It's Friday the 30th. I thought Friday the 13th was supposed to be the bad one. Apparently I was wrong, as today Road & Track announced that Peter Egan was stepping away from Side Glances, the monthly column he has written for... well, forever.
It was just two months ago I wrote this prophetic paragraph, in a blog post about how I turned from a Hot Rod kid to a Road & Track adult:
I doubt I've missed more than a handful of Road & Track issues over the years, mostly when the Army sent me to places with only vague mail delivery. I still read every issue–and will until Peter Egan retires. Best automobile writer working today.
What happened? Did I tempt the automotive gods once too often? Is this somehow my fault?
|Yes, it's autographed... What's your point?|
Peter Egan began writing Side Glances in 1983 and his life and mine have been curiously intertwined ever since. At times our core automotive directions coincided in an almost bizarre fashion. Just after I bought my Mustang GT in 1988, he bought a 5.0 LX. A few years later as I bought a Miata, Peter bought a Miata. And then around 2001, as I returned to Porsche ownership... yup, you guessed it, Peter bought a Boxster S.
I relate this not to imply any cosmic oneness of souls (I voted for Reagan for goodness' sake), but to put into perspective how Peter Egan's observations and musing so directly affected me. It felt at times as if he was writing just for me. A column he wrote in the early '90s about maps, "Charts," spoke to me in ways that only a kid who spent hours pouring over the pages of an atlas and then later found himself on the East German border with a British Army of the Rhine 1:100,000 map tucked in the .50 caliber machine gun mount of his M1 tank could understand.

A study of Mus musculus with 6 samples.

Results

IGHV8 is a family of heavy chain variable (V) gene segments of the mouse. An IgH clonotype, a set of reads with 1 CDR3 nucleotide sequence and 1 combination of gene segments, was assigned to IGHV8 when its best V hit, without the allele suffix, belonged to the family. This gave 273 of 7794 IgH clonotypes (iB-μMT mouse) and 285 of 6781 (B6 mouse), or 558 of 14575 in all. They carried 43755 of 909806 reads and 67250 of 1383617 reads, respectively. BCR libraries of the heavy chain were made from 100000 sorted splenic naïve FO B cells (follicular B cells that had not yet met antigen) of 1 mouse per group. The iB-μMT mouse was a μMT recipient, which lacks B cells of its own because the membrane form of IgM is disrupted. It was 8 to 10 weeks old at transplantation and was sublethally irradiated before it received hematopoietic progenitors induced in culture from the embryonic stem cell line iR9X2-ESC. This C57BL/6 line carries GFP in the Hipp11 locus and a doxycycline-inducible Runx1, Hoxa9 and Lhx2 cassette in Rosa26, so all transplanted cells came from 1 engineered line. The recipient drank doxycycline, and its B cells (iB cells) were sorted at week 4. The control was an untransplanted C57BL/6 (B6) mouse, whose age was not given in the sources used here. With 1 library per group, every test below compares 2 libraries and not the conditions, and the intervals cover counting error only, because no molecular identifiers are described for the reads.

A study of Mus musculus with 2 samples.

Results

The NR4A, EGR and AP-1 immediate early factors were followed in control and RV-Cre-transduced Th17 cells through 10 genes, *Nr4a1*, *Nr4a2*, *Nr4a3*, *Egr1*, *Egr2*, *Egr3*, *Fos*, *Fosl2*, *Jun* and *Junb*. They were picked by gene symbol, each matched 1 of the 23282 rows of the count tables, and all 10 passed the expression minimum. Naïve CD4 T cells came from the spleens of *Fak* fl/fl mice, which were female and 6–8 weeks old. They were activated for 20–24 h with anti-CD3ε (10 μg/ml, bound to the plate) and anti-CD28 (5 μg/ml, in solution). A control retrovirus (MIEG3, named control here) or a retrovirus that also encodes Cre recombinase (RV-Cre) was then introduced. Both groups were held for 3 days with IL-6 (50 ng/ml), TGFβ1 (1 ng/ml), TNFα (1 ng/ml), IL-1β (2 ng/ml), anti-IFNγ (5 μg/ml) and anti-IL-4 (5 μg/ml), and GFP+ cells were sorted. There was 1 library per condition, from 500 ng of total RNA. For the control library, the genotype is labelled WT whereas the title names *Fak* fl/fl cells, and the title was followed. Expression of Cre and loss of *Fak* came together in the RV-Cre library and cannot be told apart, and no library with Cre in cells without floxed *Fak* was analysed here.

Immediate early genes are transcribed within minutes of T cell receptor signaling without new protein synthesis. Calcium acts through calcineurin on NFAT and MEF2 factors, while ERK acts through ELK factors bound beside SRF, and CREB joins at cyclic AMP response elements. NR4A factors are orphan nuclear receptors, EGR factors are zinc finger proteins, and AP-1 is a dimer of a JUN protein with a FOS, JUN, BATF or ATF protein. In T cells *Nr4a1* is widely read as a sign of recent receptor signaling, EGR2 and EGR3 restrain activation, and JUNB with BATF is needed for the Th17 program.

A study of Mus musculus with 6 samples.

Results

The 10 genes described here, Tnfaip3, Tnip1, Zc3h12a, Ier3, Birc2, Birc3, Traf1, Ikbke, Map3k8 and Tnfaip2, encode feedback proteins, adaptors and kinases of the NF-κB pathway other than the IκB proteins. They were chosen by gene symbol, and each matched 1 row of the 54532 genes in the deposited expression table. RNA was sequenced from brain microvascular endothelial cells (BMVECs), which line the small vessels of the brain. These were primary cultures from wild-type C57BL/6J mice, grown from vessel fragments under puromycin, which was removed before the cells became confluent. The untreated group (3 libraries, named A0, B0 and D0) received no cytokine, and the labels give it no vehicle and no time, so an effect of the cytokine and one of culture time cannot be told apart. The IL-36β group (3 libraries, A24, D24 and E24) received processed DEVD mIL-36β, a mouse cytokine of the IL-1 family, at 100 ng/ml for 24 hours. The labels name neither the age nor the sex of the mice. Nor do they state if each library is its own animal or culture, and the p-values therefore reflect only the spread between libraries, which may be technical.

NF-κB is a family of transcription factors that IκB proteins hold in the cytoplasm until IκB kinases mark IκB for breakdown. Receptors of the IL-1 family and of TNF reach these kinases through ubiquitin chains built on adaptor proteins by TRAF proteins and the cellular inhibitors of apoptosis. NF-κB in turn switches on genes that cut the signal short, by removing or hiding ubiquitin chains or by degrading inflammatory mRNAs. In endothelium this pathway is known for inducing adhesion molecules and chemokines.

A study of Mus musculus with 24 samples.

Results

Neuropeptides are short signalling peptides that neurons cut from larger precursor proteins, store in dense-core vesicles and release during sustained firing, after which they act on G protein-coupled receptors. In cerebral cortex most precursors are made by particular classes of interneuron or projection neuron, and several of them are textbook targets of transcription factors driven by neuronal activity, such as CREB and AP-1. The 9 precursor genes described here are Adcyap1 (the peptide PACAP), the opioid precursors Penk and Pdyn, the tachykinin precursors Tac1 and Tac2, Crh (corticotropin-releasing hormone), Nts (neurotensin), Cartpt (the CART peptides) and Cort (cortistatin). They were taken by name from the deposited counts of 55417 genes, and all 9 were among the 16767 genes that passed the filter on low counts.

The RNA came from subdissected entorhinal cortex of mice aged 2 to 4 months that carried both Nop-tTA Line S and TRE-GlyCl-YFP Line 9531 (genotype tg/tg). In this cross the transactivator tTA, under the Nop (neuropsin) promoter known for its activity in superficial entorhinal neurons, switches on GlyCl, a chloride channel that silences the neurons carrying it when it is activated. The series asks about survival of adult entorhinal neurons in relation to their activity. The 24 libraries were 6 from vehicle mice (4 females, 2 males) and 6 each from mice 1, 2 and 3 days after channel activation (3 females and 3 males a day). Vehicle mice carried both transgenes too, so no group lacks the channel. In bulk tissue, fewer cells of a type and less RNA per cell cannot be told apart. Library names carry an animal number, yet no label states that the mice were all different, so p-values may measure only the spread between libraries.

But I suppose all good things must come to an end. And though Peter will continue to contribute to Road & Track and Cycle magazines, I will truly miss that moment 12 times a year when I eagerly opened a familiar magazine to see what my friend was thinking about this month.
You can read his final Side Glances column here. You should do this now.
Peter's column titled, "The Right Tool for the Job" is another classic. Here is an excerpt.
Hammer: Originally employed as a weapon of war, the hammer nowadays is used as a kind of divining rod to locate expensive car parts not far from the object we are trying to hit.
Mechanic's Knife: Used to open and slice through the contents of cardboard cartons delivered to your front door; works particularly well on boxes containing convertible tops or tonneau covers.
Electric Hand Drill: Normally used for spinning steel Pop rivets in their holes until you die of old age, but it also works great for drilling rollbar mounting holes in the floor of a sports car just above the brake line that goes to the rear axle.
Hacksaw: One of a family of cutting tools built on the Ouija board principle. It transforms human energy into a crooked, unpredictable motion, and the more you attempt to influence its course, the more dismal your future becomes.
Vise-Grips: Used to round off bolt heads. If nothing else is available, they can also be used to transfer intense welding heat to the palm of your hand.